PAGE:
SolidWorks Corp. partnered with the Fabricators & Manufacturers Association Foundation to support summer manufacturing “camps” and student scholarships that promote careers in manufacturing.

More than 1 million students in more than 15,000 schools worldwide graduate with SolidWorks training, officials said.

The company develops and markets software, and is a supplier of 3-D CAD programs.

“This national sponsorship with SolidWorks will have a major impact on every child who attends one of our manufacturing camps or receives a student scholarship and we are thrilled to have their support,” said Terrence Egan, director of the FMA Foundation.

SolidWorks donated limited licenses of its Student Design Kit CAD software to 750 students and teachers involved in 26 summer manufacturing camps that took place over the summer.

The foundation and the Nuts, Bolts & Thingamajigs Foundation partner annually to support not-for-profit organizations and educational institutions across the country that offer overnight or day camp experiences that introduce young people ages 12 to 16 to careers in manufacturing and engineering.

The Student Design Kit is a Windows-based 3-D CAD application that gives students the ability to create “real-life” 3-D designs that can be easily manipulated. The kit includes an interactive tutorial, as well as online help menus and references for learning how to use SolidWorks software including the computer-aided design of sheet metal products and weldments.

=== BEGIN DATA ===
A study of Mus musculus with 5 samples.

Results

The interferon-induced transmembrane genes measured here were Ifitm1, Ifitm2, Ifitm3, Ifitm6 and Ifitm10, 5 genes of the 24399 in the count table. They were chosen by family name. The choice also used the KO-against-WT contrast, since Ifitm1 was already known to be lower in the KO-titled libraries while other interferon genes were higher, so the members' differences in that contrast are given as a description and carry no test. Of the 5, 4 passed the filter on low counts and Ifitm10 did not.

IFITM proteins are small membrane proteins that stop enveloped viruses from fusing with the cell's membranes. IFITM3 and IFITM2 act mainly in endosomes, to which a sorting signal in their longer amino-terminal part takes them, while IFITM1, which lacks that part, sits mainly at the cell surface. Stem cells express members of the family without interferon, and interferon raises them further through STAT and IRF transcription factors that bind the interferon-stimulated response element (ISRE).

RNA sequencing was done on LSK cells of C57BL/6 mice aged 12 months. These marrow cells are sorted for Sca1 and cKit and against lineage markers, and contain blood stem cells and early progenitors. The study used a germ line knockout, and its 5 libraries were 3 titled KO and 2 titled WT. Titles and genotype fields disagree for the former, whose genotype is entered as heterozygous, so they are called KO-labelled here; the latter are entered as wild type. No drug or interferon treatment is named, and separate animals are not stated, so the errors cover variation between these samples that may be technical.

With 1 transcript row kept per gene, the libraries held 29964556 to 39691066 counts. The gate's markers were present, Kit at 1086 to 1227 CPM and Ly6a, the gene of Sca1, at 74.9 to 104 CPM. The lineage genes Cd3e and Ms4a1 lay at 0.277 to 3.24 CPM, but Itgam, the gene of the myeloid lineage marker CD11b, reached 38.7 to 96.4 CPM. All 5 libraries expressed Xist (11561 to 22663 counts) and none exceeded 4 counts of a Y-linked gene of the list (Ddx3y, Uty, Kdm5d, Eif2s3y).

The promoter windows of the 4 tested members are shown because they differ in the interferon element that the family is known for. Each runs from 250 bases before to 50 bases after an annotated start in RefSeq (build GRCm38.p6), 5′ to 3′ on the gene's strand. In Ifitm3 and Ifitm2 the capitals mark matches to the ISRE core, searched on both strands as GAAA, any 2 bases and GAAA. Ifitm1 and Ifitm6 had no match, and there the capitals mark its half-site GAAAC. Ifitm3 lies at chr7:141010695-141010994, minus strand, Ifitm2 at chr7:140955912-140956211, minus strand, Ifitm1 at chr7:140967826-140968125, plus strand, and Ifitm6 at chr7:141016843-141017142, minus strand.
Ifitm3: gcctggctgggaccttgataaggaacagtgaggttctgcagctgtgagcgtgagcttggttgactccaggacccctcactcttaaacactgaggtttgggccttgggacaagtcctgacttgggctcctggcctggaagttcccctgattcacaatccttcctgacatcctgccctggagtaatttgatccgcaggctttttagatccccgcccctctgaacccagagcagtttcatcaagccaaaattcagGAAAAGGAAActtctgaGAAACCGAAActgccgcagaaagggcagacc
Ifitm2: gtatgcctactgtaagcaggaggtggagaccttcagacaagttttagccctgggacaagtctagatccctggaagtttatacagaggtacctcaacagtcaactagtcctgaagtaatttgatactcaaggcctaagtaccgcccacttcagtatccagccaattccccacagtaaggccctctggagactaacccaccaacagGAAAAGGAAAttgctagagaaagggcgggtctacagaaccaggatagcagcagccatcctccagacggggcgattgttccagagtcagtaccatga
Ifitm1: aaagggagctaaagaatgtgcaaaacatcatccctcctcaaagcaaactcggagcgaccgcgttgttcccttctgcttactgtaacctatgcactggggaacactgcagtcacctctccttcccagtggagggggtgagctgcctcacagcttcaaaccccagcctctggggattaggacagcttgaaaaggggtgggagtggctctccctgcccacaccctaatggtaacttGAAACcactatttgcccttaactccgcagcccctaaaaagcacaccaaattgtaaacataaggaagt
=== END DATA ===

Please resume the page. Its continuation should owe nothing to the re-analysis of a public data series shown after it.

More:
“The software donation allows students to work on CAD design while at camp and use the software they’ve been taught in camp at home for the rest of their summer vacation,” said Egan. “It’s imperative that we provide these kids with all the tools they need to have a quality camp and a memorable experience.”

SolidWorks also provided the full licensed version of its software program to every foundation student scholarship winner and contributed money to help underwrite a portion of up to 32 student scholarships. The scholarships are awarded annually to college- or trade school-bound high school seniors who seek careers in manufacturing. The FMA Foundation is expected to award more than a dozen scholarships this year.

“With the help of SolidWorks we can continue to provide scholarships to students and strengthen the future workforce in the manufacturing industry,” said Egan.

SolidWorks is set to produce a training video for posting to the FMA Foundation Web site to introduce camp and scholarship students to the Student Design Kit and highlight potential projects that can be designed and built by camp participants.

“We’re delighted to partner with the FMAF to encourage our youth to consider manufacturing as a career option,” said Marie Planchard, director of worldwide education markets at SolidWorks. “We look forward to visiting the camps to talk to the students and see their experiences firsthand and also to bringing news of these camps and scholarships to the many schools we work with across the country.”